A few weeks ago, I messed up in a team meeting on a Friday afternoon. I was tired of the week. I was at my worst. I was unfair to my own team.
When I took some time on Saturday to reflect on the week, I realized what had happened. During my tiredness, the worst side of my ego took over and I let my own team feel as loosers. When I saw what I had done, I was angry at myself, unhappy and shocked. Instead of building a cool cuture where everyone thrives, one selfish comment attacked so much trust and teamspirit. As I could not call my team on the weekend, I took some notes to apologize on Monday.
Monday came. And inwardly I tried to talk myself out of the apology. “It wasn’t THAT bad.” “Every teamlead is in a bad mood sometime.” “They won’t even remember.” But independent if one of those points is true – I know what kind of leader I want to be and I haven’t been the one on Friday. I knew it. It was time for an apology.
Recalling the reaction of my team, I assume that this situation was new to them: a team lead apologizing on Monday morning. But it was incredible important. Although I had messed up in this one instance, I showed them how ‘messing up’ is handled in our culture. Besides modelling behaviour and shaping the culture, it gives me the right to speak and feedback people in my team if it is necessary in the future.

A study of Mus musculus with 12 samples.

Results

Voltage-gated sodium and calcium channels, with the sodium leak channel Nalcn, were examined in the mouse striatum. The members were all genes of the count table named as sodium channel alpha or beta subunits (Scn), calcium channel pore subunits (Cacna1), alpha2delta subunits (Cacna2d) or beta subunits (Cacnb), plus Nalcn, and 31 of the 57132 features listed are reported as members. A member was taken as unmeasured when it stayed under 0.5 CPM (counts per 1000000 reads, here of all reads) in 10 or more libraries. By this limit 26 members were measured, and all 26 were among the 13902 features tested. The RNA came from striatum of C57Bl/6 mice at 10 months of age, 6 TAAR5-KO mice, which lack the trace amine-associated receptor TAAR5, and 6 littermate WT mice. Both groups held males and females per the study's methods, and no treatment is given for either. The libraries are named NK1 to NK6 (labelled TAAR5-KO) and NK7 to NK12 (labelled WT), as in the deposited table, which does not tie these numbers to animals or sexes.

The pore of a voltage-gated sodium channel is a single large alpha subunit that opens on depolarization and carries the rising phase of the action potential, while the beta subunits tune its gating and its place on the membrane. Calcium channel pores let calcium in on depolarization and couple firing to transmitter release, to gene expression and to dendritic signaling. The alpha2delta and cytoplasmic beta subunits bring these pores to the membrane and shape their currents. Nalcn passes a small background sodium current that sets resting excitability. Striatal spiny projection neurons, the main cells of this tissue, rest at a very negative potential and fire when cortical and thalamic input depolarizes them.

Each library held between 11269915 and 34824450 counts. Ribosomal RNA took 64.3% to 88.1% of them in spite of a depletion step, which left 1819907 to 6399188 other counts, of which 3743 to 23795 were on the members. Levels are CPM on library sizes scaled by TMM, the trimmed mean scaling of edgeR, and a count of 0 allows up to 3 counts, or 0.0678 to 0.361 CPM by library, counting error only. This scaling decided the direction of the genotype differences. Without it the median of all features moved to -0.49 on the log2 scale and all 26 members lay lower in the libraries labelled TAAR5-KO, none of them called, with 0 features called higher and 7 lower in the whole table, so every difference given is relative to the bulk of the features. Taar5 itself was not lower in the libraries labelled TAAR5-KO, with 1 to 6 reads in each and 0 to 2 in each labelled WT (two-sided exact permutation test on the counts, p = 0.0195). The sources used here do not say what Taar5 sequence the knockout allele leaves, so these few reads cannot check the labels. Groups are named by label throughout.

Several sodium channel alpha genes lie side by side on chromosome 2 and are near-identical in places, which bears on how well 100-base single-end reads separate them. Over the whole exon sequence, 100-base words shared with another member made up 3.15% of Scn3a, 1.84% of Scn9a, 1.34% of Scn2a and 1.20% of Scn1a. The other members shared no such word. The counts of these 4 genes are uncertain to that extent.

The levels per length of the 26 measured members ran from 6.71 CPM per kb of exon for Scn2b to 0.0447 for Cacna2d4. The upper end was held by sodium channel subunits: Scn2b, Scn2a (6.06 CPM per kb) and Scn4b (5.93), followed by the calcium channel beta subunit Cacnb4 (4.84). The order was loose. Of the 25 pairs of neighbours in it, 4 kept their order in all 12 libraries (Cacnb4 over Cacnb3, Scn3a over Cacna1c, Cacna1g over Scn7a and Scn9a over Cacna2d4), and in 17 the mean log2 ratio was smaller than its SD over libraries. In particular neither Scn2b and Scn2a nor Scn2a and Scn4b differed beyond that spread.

Our actions speak louder than our words.
The culture we live on a daily basis, is the culture that grows. And this culture is shaped in good, joyful moments and especially in tough moments. Tough moments in business are often tight deadlines combined with huge workload – and mistakes that occure under pressure. This is when our true culture shows up. As we are all human, we might recognize that we are behaving against our very own culture in those pressure moments. What shapes culture, is the way we handle the aftermath.
How are you handling your messy leadership moments?